Saturday, November 28, 2009

Off Beat - You've Never Even Called Me By My Name

I've long been a fan of Steve Goodman and was saddened by the songwriter's death in 1984 at the age of 36 of leukemia. He had a way with words and a sharp wit, evidenced by his self-given nickname late in his life of "Cool Hand Leuk".

In the early 70s Goodman was performing at a Chicago bar, opening for Kris Kristofferson. Kristofferson was so impressed he introduced him to Paul Anka who brought him to New York and produced some demos which resulted in his signing with Buddha Records.

Goodman has written many songs for other people. For example, Arlo Guthrie had a hit with City of New Orleans. And David Allan Cole had a hit with one of my favourite Goodman tunes You've Never Even Called Me By My Name, a witty poke at country music

The song was co-written by another of my favourite songwriters - John Prine, although Prine refused to be listed as the song's co-writer. As the story goes, Goodman bought Prine a jukebox with his royalties.

So here's the non co-writer, singing the song he wrote with Steve Goodman...

And if you were wondering about the Steve Goodman version, here's a bonus...

You Never Even Call Me By My Name
(AKA The Perfect Country & Western Song)
©Steve Goodman and [although he won't admit it] John Prine)

(as sung by Steve Goodman in London, Aug 8, 1976)

[spoken] This is a song I wrote with John Prine 4 years ago (1972) and we tried to put into one song, everything that had ever been in any of the country and western songs we had ever heard. Tried to put it all into one song. Serves us right. This is what came out:

Well it was all I could do to keep from cryin'
Some times it seems so useless to remain
You're the one who always tried to change me
And that is why I will always stay the same

But I'll hang around as long as you will let me
I never minded standing in the rain
You don't have to call me darlin', darlin'
But you never even call me by my name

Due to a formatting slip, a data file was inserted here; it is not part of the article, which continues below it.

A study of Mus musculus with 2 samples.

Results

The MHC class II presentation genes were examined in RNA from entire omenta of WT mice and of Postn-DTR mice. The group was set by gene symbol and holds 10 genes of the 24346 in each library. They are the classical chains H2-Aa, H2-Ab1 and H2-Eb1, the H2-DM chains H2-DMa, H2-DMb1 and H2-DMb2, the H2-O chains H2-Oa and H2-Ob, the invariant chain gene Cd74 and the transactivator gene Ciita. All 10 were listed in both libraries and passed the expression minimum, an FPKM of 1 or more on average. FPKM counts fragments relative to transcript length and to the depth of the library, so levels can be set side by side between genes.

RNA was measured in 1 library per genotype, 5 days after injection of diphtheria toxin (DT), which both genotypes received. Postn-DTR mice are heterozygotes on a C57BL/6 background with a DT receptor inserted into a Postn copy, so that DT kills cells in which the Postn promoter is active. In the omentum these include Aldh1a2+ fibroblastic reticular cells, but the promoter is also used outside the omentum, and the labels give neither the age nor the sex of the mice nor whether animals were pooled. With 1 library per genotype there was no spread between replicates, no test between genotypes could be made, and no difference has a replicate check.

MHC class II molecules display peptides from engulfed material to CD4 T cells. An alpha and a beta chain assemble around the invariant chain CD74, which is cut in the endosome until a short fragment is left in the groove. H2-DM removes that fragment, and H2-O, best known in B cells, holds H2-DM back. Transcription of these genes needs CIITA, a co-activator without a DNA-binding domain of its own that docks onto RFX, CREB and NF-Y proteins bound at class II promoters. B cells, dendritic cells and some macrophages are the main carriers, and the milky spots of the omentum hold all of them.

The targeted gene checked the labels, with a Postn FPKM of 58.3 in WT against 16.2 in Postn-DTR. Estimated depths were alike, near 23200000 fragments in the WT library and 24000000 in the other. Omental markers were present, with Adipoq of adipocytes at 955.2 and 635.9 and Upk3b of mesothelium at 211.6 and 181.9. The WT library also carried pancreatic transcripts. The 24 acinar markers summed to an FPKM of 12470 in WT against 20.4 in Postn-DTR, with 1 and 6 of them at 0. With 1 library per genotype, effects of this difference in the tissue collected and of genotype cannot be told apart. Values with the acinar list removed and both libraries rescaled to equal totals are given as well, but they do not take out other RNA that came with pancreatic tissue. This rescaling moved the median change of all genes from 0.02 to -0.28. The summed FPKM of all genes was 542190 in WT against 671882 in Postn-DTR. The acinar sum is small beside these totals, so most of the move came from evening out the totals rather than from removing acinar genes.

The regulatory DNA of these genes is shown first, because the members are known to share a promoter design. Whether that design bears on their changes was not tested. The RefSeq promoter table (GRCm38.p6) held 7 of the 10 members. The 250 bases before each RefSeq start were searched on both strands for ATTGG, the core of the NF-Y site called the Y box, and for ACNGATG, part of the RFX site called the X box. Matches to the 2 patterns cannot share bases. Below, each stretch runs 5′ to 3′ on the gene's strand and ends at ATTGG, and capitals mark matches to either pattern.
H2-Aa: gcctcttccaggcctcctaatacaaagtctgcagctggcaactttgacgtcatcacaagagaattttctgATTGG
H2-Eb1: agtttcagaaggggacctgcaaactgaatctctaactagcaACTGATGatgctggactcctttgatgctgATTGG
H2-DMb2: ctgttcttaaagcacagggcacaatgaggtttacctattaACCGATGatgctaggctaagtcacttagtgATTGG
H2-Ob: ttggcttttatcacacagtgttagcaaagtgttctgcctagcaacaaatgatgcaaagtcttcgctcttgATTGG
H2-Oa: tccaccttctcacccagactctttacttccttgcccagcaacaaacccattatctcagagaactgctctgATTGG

No, you don't have to call me Freddy Fender
You don't have to call me Charlie Pride
You don't have to call me Merle Haggard anymore
Even though you know you're on my fighting side

Chorus- this verse only:
And I'm gonna hang around as long as you will let me
I never minded standing in the rain (when nights are cold and lonely)
You don't have to call me darlin', darlin'
But you never even call me by name.

[musical by mouth improv done in a Merle Haggard-like tone -no words]

[spoken] I've seen my name, a few times in the phone book
[spoken] And on the neon sign above the bar I used to own
[spoken] And there's only one thing I'm really sure of was that sucker
You're gonna hear it when my savior calls me home

[spoken] That's a lot to get into one song. We left out all the good stuff. Dallas, dope, divorce, dead dogs, trains prison Christmas, mothers, farms, and trucks. Mothers, prison, trucks, trains, farms, Christmas, and dead dogs are essential, you can't have a good country song without them things. And with all due respect this song needs mothers, prison, trucks, trains, farms, Christmas and dead dogs and is that it? Whatever it is - it's also 4 minutes long already (they're going 'when's he gonna end, when's he gonna end in the booth back there') So I'll just tack this verse on the end here-

Ever since the dog died and mama went to prison
Ain't nothin' round this old farm that's been the same
[Spoken] You know when mom broke out last Christmas
She drove the getaway laundry truck into a train

But I'll hang around as long as you will let me
I never minded standing in the rain
You don't have to call me darlin', darlin'
But you never even call me by my name


  1. Wow, I did not know this! He co-wrote with some real heavy hitters.

    I am a true David Allan Coe fan, especially of his "nasty" album. And I can't think of John Prine without singing.....there's a whole in daddy's arm where the money goes.

    Thanks for the 4-1-1.

  2. Me-Me: I'm a really big John Prine fan. Love the guy.

  3. Great to see your post and videos that invoke "You Never Even Call Me by My Name" by Steve Goodman and John Prine. Goodman often doesn't get his due. You might be interested in my 800-page biography, "Steve Goodman: Facing the Music." The book delves deeply into the background and effects of "You Never Even Call Me by My Name." Prine and David Allan Coe were key sources among my more than 1,080 interviewees, and the book debunks the notion, promulgated by Coe, that Coe had anything to do with triggering the famous last verse of the song. You also mention "City of New Orleans," and the book delves deeply into its genesis and effects. Arlo Guthrie was a key interviewee and even contributed the foreword.

    You can find out more at my Internet site (below). Amazingly, the book's first printing sold out in just eight months, all 5,000 copies, and a second printing of 5,000 is available now. The second printing includes hundreds of little updates and additions, including 30 more photos for a total of 575. It won a 2008 IPPY (Independent Publishers Association) silver medal for biography.

    If you're not already familiar with the book, I hope you find it of interest. 'Nuff said.



    Clay Eals
    1728 California Ave. S.W. #301
    Seattle, WA 98116-1958

    (206) 935-7515 home
    (206) 484-8008 cell

  4. Clay: Thanks, man. That's cool. Glad you enjoyed the post.